Okay, so you guys probably see me reblog and post about Nick Miller (not the character from New Girl) and his novel, Isn’t It Pretty to Think So, quite often. But, now I’m actually going to urge you to read it.
[Disclaimer: I’m sorry if I totally don’t do this book justice.] First of all, it’s about a writer, Jake Reed, who travels L.A. in search of something to write about.
Here is the summary from Amazon:Set in Los Angeles, the novel follows Jake Reed, a world-weary recent college graduate struggling to find use for his liberal arts degree amidst a waning workforce. He eventually lands a job in real estate as a “Social Media Manager,” a role that requires the mindless pursuit of likes, tweets, and hits.
After a death in the family and a surprise inheritance, Jake quits his job and meanders through lonely hotel rooms, quiet beach towns, and then, in a dramatic shift, stations himself in West Hollywood where disillusioned twenty-somethings lose themselves in the madness of drugs and sex. It is here that the only proof of memories is found in filtered photographs posted online from the night before.
Miller captures the angst, restlessness, and spirit of the Millennial Generation — a group mindlessly charging through the recession during a time when the line between existence in the physical and digital world is blurred. The novel provides a fascinating, grim, and often times humorous portrayal of the lifestyle that represents our contemporary youth.
I know it sounds like the commentary on technology and social media burdens the novel, but, really, it is incorporated in such a subtle way that it harmonizes with the corresponding themes of self-discovery and how people relate to others.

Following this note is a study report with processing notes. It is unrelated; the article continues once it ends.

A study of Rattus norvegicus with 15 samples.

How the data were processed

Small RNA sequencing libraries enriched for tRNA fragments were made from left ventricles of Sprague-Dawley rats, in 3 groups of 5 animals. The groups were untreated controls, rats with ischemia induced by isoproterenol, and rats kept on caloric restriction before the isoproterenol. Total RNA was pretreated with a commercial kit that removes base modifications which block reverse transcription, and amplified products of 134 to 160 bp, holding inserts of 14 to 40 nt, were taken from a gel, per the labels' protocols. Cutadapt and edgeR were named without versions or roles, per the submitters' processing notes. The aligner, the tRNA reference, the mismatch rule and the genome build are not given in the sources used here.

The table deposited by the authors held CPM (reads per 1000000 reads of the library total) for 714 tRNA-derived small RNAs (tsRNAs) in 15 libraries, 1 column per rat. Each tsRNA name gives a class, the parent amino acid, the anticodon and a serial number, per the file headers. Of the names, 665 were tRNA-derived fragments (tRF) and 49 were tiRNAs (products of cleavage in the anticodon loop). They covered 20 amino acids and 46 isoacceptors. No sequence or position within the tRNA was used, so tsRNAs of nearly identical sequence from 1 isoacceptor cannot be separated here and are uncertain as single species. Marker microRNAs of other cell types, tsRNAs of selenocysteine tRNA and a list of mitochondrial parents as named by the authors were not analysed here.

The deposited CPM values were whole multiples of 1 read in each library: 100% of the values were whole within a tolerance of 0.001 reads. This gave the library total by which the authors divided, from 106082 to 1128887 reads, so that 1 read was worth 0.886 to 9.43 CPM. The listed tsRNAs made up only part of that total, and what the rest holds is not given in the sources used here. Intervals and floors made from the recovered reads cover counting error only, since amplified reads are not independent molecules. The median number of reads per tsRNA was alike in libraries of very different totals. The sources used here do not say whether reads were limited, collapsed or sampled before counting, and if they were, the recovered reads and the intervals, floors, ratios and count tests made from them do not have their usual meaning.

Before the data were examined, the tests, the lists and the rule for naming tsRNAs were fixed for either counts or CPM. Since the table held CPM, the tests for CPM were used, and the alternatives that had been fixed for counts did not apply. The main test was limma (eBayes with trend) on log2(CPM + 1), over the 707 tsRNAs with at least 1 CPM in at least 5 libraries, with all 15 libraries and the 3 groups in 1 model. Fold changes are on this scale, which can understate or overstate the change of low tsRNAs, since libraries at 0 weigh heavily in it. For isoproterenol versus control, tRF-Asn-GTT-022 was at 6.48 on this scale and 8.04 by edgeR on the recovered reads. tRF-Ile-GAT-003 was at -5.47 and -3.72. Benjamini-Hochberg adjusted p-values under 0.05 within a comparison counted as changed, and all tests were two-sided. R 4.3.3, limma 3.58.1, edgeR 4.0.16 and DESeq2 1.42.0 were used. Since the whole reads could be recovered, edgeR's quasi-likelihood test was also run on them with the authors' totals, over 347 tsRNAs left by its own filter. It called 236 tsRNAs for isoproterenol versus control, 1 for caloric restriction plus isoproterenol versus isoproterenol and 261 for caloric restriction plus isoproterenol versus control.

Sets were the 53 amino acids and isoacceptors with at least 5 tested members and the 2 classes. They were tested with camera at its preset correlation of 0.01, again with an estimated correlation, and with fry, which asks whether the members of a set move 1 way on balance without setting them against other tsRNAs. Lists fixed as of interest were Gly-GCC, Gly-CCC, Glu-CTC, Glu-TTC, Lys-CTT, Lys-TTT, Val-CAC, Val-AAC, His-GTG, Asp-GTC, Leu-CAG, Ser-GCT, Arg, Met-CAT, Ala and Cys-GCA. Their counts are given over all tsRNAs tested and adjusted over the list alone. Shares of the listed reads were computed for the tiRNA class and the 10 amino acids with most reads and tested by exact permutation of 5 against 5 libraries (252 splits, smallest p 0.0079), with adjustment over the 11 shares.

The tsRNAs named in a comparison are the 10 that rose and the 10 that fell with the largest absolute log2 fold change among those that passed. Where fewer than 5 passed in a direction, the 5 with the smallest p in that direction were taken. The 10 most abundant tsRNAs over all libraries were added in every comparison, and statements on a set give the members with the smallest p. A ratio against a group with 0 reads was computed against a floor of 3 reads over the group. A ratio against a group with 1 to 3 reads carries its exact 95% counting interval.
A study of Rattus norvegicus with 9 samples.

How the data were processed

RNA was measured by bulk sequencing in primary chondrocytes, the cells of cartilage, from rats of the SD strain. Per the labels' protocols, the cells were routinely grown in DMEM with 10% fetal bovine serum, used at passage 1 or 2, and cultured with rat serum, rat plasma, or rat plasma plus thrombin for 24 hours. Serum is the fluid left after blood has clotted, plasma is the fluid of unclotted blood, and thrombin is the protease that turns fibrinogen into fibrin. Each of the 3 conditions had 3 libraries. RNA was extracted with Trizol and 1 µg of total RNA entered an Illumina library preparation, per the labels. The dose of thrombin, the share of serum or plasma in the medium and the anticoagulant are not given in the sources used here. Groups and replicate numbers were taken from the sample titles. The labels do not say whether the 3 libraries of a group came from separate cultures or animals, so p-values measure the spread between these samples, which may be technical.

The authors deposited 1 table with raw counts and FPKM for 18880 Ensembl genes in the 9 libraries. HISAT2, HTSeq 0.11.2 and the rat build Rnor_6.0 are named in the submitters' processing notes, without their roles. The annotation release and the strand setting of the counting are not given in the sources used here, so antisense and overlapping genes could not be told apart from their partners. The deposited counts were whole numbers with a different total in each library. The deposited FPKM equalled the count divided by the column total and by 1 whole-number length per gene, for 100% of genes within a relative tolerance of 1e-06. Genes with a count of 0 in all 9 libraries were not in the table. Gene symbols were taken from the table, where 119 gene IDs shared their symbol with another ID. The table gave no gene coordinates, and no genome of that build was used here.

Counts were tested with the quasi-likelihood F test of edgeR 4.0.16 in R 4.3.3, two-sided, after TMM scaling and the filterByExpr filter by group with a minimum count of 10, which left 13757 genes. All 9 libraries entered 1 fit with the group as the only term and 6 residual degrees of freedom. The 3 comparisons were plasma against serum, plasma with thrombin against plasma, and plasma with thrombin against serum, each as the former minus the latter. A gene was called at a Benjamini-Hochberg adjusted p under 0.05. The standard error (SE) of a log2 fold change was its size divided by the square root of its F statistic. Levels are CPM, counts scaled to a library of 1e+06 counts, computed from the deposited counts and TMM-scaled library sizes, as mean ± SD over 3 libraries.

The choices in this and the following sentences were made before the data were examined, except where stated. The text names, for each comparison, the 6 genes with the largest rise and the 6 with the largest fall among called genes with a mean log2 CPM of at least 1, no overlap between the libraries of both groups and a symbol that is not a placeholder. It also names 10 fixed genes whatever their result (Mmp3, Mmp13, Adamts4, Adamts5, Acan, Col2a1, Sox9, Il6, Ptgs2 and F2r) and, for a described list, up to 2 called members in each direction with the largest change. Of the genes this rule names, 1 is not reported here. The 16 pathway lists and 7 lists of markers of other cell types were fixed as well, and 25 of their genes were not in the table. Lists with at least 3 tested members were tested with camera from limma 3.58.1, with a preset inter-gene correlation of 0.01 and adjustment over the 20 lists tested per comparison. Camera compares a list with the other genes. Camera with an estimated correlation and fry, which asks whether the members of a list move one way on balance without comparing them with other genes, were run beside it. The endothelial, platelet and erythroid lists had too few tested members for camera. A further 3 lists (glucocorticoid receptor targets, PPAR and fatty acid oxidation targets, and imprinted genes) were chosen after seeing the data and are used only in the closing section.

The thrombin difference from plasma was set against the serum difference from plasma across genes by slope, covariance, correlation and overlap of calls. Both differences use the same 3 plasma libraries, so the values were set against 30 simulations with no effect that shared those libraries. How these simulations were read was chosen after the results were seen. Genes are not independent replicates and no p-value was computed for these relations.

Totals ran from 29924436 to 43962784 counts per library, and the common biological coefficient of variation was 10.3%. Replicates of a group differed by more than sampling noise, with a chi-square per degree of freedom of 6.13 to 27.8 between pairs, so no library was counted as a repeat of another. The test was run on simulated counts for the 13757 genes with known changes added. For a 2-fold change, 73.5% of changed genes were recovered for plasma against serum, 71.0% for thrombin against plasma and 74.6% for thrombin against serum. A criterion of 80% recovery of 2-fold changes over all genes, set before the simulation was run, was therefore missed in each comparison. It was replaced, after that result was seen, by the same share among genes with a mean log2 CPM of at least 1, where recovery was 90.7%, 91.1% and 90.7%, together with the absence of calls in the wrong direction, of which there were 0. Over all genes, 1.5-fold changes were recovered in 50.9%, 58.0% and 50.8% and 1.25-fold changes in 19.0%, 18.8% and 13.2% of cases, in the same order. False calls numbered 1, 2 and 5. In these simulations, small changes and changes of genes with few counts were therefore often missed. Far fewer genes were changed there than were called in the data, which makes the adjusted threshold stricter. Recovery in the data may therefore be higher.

On his Novel Songs interview, the book was compared to Kerouac’s On the Road. The novel itself frequently alludes to both pop culture references and novels written by great American writers - the title of the book itself is a nod to Hemingway’s The Sun Also Rises.
I don’t know how accurate this opinion is, but I actually firmly believe that Nick Miller is the F. Scott Fitzgerald of this generation. His writing has a similar elegiac quality and the rhetoric is reminiscent of Fitz. And for all of you who know me, you know I worship Fitzgerald. I don’t say this about just any writer. Nick Miller definitely has immense potential and I can’t wait to read what he publishes next.
For my writers on Tumblr (yes, you, Bekah, Raquel, Reid, Liz, Alyssa, etc.), please do me a favor and read this. You may relate; you may not. But it can’t hurt to give it a shot. And even if you aren’t a writer, I can almost guarantee that you’ll enjoy it just the same.